Back in December of last year Deoxy submitted an entry on Mormon owned companies selling copies of movies that had been edited to remove—what they considered to be—offensive content. There was a bit of a debate in the comments about the legality of this which, after a bit of thread drift, I put to rest by mentioning that Congress had gotten involved by passing the The Family Entertainment and Copyright Act of 2005 which included the following provision:
- Title II: Exemption from Infringement for Skipping Audio and Video Content In Motion Pictures – Family Movie Act of 2005 – (Sec. 202) Creates an exemption from copyright infringement for: (1) the making imperceptible, by or at the direction of a private household, of limited portions of audio or video content of a motion picture during a performance in or transmitted to that household for private home viewing from an authorized copy of the motion picture; or (2) the creation or provision of technology that enables such editing, is designed and marketed for such use, creates no fixed copy of the altered version, and makes no changes, deletions or additions to commercial advertisements or promotional announcements that would otherwise be performed or displayed.
Amends the Trademark Act of 1946 to protect from liability for trademark infringement: (1) persons who engage in the above-referenced conduct; and (2) manufacturers of technology that enables such editing if notice is provided that the performance of the movie is altered from the director’s or copyright holder’s intended performance.
That appeared to give companies like CleanFlicks a free pass to sell their sanitized versions of popular movies. Turns out I was only partially correct as the provision exempts the makers of devices that censor movies (by bleeping out or skipping over parts of an unedited DVD original) such as ClearPlay, but not companies that copy a movie and edit out the naughty bits and then try to include it along with the original DVD as CleanFlicks and Family Flix USA were doing. Thus Hollywood continued with their lawsuits against said companies and now a federal judge in Colorado has ruled in Hollywood’s favor:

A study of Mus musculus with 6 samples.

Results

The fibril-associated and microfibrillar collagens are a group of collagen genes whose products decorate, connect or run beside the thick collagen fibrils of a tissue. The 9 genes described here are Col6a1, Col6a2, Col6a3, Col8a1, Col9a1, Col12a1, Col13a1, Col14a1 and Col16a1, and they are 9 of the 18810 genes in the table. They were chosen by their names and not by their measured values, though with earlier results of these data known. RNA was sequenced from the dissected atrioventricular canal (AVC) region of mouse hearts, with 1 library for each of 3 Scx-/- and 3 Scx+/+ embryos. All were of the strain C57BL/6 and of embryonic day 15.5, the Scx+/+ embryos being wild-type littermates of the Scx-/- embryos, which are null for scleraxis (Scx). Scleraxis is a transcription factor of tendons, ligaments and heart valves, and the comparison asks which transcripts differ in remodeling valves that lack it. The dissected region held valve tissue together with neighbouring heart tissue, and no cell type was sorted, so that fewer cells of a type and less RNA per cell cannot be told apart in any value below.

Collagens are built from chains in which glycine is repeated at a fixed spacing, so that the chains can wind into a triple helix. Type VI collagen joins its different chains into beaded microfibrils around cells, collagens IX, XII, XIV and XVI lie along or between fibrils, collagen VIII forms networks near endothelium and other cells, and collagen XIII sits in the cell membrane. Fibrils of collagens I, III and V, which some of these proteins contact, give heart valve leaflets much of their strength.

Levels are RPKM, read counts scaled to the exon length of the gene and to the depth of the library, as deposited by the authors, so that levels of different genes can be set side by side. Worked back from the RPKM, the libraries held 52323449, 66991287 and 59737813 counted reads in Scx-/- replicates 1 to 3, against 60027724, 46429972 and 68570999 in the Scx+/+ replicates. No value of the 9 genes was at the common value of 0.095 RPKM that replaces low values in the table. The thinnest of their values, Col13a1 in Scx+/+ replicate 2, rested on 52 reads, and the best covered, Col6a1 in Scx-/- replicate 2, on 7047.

“Their business is illegitimate,” the judge wrote in his 16-page ruling. “The right to control the content of the copyrighted work … is the essence of the law of copyright.”
The fight began in August 2002 with a pre-emptive legal filing by CleanFlicks against the DGA and 16 prominent directors after it got wind that the guild was preparing a legal case against the company. CleanFlicks sought a court ruling clarifying its right to market the videos on First Amendment grounds. The DGA and directors countersued the following month. After initially staying out of the fray, eight Hollywood studios joined with the directors and the guild in December 2002, filing claims of copyright infringement against CleanFlicks and other companies.
“Whether these films should be edited in a manner that would make them acceptable to more of the public playing on a DVD in a home environment is more than merely a matter of marketing; it is a question of what audience the copyright owner wants to reach,” Matsch wrote. “This court is not free to determine the social value of copyrighted works. What is protected are the creator’s rights to protect its creation in the form in which it was created.”
The judge ordered that CleanFlicks, CleanFilms, Play It Clean Video, Family Flix USA and CleanFlicks of Colorado “immediately cease all production, sale and rentals of edited videos” and turn over all current stock of said videos to the lawyers of the studios for destruction within 5 days. No word on if any of the companies are considering an appeal yet, but the folks behind Family Flix USA have already shuttered their store with an announcement of their intent to start their own production company. For the moment ClearPlay appears to be in the free and clear, but that doesn’t mean Hollywood isn’t thinking of challenging them anyway:
ClearPlay offers software programs developed for specific titles that users can run on their computer or ClearPlay’s proprietary DVD player along with an official copy of the DVD. With this technology, a nude shot of an actor can be altered to show a silhouette, or profanity can be bleeped out. Because ClearPlay’s technology does not involve making an altered DVD copy, it has been shielded from the copyright infringement claims. The debate over movie content filtering activities made its way into Congress, which passed the 2005 Family Movie Act that protects ClearPlay and other software-based filtering companies. Matsch noted that Congress at that time had the opportunity to also carve out legal protections for CleanFlicks and its ilk, but chose not to.
The DGA said in its statement on the ruling it “remains concerned about this exception to copyright protection.”
Don’t be surprised if a lawsuit challenging the exemption shows up in the courts in the not too distant future.